Given the prominent role of Fas in many important cell functions (7 Facts to Catch You Up to Speed on Fas), Fas has been implicated in a variety of disease states such as cancer. Here are some major findings from recent research about the role of Fas in cancer:
Role of Fas in Cancer
Mutations in the genes that encode for Fas have been found to increase the risk of developing many types of cancer such as breast, gastric and esophageal1. However, high levels of Fas expression in cancer cells have been found to be a positive prognostic marker for cancer patients, indicating higher survival rates2. It has been found that immune cells called CD8+ cytotoxic lymphocytes can kill cancer cells by binding to Fas with Fas ligand3.
However, cancer cells have developed many resistance mechanisms to these immune cells:
Therapeutic Targeting of Fas
Given their prominent role in cancer, drugs targeting Fas has been explored as a potential treatment for cancer5. One possible type of treatment is an antibody targeting Fas. However, major side effects of using a Fas antibody to target Fas have been found to be lethal in mice. This lethality was caused by the Fas antibody targeting healthy cells in the liver causing severe damage5. Other treatments that do not directly target Fas are being explored such as IAP antagonists. IAP inhibits effector caspases which are necessary for Fas-induced apoptosis to occur5.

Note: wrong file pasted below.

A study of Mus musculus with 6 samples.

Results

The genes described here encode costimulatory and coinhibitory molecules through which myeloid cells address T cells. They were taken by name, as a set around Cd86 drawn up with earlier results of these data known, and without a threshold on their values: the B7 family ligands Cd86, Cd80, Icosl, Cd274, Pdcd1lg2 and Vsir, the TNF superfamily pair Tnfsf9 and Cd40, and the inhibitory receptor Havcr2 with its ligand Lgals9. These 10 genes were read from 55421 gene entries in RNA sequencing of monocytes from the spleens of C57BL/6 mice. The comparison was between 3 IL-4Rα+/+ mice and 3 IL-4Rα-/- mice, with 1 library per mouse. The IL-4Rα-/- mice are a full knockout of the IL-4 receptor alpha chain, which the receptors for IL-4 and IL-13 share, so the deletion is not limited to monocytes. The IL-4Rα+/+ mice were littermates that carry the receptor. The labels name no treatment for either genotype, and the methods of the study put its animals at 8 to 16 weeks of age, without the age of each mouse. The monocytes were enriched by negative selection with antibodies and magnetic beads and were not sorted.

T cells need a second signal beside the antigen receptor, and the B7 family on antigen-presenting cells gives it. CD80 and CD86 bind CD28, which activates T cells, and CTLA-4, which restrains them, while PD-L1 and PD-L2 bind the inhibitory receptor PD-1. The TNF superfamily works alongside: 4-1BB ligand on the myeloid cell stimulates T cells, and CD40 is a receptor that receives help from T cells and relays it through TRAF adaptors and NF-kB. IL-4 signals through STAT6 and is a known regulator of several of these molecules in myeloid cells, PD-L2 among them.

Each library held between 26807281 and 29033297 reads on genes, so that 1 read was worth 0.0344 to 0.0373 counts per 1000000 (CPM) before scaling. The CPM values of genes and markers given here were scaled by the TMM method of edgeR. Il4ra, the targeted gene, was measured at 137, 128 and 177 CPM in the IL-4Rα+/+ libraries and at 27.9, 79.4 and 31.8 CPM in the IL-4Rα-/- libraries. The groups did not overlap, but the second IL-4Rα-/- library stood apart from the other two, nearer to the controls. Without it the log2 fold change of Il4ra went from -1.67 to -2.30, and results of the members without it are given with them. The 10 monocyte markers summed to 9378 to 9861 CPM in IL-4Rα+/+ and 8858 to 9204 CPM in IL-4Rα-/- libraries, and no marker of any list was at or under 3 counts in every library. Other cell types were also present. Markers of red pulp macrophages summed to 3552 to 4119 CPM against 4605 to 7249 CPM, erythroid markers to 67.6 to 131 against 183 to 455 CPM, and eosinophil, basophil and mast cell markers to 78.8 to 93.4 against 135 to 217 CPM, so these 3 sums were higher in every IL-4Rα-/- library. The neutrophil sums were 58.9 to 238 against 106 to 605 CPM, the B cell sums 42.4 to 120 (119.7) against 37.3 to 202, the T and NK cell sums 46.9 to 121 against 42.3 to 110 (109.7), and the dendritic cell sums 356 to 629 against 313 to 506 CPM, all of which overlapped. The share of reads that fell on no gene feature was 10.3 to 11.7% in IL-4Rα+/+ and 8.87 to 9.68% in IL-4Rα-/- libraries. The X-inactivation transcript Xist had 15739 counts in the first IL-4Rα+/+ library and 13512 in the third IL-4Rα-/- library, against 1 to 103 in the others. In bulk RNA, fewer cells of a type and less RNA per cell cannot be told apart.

Given the importance of Fas in cancer, research in Fas is a very hot topic. MBL International offers a variety of products to help further your research of Fas including many Anti-Fas antibodies:
1. Xu Y, He B, Li R, et al. Association of the polymorphisms in the Fas/FasL promoter regions with cancer susceptibility: a systematic review and meta-analysis of 52 studies. PLoS ONE. 2014;9(3):e90090.
2. Chan KW, Lee PY, Lam AK, Law S, Wong J, Srivastava G. Clinical relevance of Fas expression in oesophageal squamous cell carcinoma. J Clin Pathol. 2006;59(1):101-4.
3. Peter ME, Hadji A, Murmann AE, et al. The role of CD95 and CD95 ligand in cancer. Cell Death Differ. 2015;22(4):549-59.
4. Ivanov VN, Ronai Z, Hei TK. Opposite roles of FAP-1 and dynamin in the regulation of Fas (CD95) translocation to the cell surface and susceptibility to Fas ligand-mediated apoptosis. J Biol Chem. 2006;281(3):1840-52.
5. Kaufmann T, Strasser A, Jost PJ. Fas death receptor signalling: roles of Bid and XIAP. Cell Death Differ. 2012;19(1):42-50.